In my last post I missed out on narrating this experience I had in Berlin listening to a Mehdi Hassan song with a Pakistani friend.
I was in Germany for two months last year for a journalism fellowship. Made many friends from many parts of the world. Among them was Bilal, a journalist from Islamabad.
We hit it off from Day One. It was male bonding at its best between two guys from countries divided by a thorny border. We got along so well that his female compatriot, Sehrish, would feel left out sometimes (I hope Sehrish doesn’t read this)!
But we couldn’t help it.
We had made a habit of going out for walks after dinner. It was summer and the German sun set only after 10 pm, which was a little weird for us. But after a while we got used to the sun staring at us the whole day and even at night.
The best part about those walks was we could talk in Hindi/Urdu without having to think about fellow journalists from other countries feeling left out. It was a relief from the constant chatter in English!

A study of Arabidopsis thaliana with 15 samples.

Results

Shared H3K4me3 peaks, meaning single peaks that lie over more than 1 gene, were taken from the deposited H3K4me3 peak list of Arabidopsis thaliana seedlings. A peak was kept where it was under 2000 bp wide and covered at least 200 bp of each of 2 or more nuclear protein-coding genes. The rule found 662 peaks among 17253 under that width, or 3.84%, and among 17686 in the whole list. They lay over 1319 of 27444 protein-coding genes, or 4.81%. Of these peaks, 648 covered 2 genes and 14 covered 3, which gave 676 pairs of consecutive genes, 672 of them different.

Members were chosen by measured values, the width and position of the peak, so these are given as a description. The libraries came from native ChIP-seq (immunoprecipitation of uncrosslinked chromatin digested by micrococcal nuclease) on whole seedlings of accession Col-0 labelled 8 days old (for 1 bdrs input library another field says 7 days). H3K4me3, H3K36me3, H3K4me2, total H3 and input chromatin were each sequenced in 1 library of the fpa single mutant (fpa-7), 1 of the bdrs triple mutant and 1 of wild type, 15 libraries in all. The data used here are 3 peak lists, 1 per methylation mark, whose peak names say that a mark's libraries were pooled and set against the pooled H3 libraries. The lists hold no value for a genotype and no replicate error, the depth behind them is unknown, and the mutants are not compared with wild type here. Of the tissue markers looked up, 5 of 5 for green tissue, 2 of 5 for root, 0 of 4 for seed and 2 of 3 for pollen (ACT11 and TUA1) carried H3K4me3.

When you’ve made friends from across the border the talks inevitably veer towards politics, cricket, Bollywood and if you are a ghazal buff like me — Mehdi Hassan and Ghulam Ali, The emperor and prince of ghazal gayaki.
During one of those walks Bilal asked if I liked ghazals, I said of course that’s all I like. And then he threw the bomb at me, ” Have you heard Mehdi Hassan?”
I didn’t know how to reply that!
Bilal never went anywhere without his i-Pod. If he was not chatting he would have the i-Pod plugged into his ears. But I, for some reason, had assumed that he would be listening to rock or pop or some such music which I understand very little, so never bothered to ask till the day he threw that question at me.
My initial reaction was “what an affront!” but didn’t say that. Just managed to say Mehdi Hassan is my favourite — an understatement if there ever was one.
My Pakistani friend was quite overwhelmed to know that not only I had heard Mehdi but he was also my favourite. As a quid pro quo perhaps Bilal said he loves Jagjit Singh and of course Bollywood.
In that spirit of togetherness, Bilal offered his i-Pod to me and said “Le ye sunn agla gana Mehdi ka hai (Listen to this one it’s Mehdi’s.”
This ghazal is again one of my many favourites sung by the maestro — “Zindagi mein to sabhi pyar kiya karte hain…”.
Instead of me listening to it alone I said let’s share the cords and listen to it together. It was not the semi-classical version I had heard, Bilal said Mehdi sang this for a Pakistani film of the seventies.
That day we walked a lot. Bound by music an Indian and a Pakistani walked through the streets of Berlin listening to a Mehdi Hassan ghazal we both loved.
PS: I am adding the classical version of the song I heard in Berlin. Notice Ghulam Ali sitting in the audience as Mehdi Hassan renders the immortal ghazal.